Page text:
Cider Corps: Brothers open Arizona’s First Cidery in Mesa

Original Article Via Phoenix Business Journal

Arizona’s first hard cider house, Cider Corps, opened in downtown Mesa last November on Veterans Day, and the opening date was no coincidence.

The cidery is veteran-owned, and started as a therapeutic hobby after co-owner, Jason Duren, hit two IEDs in Afghanistan while serving in the Marines, and was medically retired in 2012.

Sent home with a Purple Heart and traumatic brain injuries, he was looking for a hobby to pass time while recovering, so he and his brother, Josh Duren, started brewing ciders in their garage. They decided to brew cider just to do something different from everyone else.

“Yeah, there were no business aspirations, it was a therapeutic hobby, and it was time for us really to hang out,” Josh said.

The hobby didn’t last long, and soon through mutual friends, the Durens were swayed into a casual meet-and-greet with a buyer from Fox Concepts, Matt Snap, in November 2015. The brothers were mainly just looking for some honest feedback, but Snap immediately fell in love with ciders and tried purchasing kegs on the spot.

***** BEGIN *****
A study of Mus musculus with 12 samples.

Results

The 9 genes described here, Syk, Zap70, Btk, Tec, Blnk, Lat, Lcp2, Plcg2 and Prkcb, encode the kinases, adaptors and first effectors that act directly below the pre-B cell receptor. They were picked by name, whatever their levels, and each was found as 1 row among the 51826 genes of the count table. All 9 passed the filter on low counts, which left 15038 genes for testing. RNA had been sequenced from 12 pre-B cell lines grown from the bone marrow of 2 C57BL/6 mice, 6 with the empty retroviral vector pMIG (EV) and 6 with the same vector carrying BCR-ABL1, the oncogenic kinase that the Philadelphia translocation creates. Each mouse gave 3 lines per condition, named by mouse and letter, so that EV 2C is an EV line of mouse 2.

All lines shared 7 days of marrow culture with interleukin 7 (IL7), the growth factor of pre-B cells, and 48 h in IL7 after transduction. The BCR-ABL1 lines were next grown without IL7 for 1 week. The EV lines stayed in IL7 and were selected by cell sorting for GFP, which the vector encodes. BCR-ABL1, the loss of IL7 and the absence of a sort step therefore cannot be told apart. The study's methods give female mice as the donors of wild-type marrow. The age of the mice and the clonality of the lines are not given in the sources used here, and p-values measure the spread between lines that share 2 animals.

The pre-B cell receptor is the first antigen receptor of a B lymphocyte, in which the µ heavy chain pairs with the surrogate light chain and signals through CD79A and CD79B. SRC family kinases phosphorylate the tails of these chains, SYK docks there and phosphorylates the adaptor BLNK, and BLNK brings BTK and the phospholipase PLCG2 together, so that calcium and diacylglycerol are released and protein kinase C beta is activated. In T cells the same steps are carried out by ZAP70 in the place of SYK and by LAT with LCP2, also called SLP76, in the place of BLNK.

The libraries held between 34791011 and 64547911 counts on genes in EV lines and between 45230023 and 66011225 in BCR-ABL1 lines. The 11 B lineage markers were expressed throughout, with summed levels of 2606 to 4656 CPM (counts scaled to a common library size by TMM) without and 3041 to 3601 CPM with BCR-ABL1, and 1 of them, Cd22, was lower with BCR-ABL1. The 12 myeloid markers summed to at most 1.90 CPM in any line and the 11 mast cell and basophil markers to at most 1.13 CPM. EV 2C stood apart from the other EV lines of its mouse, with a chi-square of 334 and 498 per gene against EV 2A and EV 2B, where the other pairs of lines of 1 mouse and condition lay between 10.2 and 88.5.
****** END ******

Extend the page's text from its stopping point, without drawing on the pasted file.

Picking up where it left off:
“Up until then it still wasn’t really like a business thing,” Josh said while recounting that day.  “But then it was like-one of the biggest restaurant groups in the state wants to buy our cider-we should go into business!”

Cider Corps was essentially born on that November day, but their journey had just begun. It took almost two years to find the funding, a location, and get through the permitting process. The City of Mesa was instrumental to the cidery opening by providing grants that were created in an effort to revitalize, and re-brand Downtown Mesa; while also working with local property owners to find them a suitable location.

“They really started to rally behind us, to have us in Downtown Mesa because we were the first full-blown cidery and taproom in Arizona,” Jason said, while explaining that Cider Corps is the first exclusive cidery with a taproom in the state.

Jason says they were denied loans. “We didn’t have a ton of money, and since there were no cideries to compare to, banks wouldn’t touch us,” he said.

Eventually, they connected with the Neighborhood Economic Development Corporation, a nonprofit organization, which specializes in small business lending through the assistance of grants provided by Mesa. They were finally approved for a loan through NEDCO’s City of Mesa Business Development Loan Program, the brothers explained.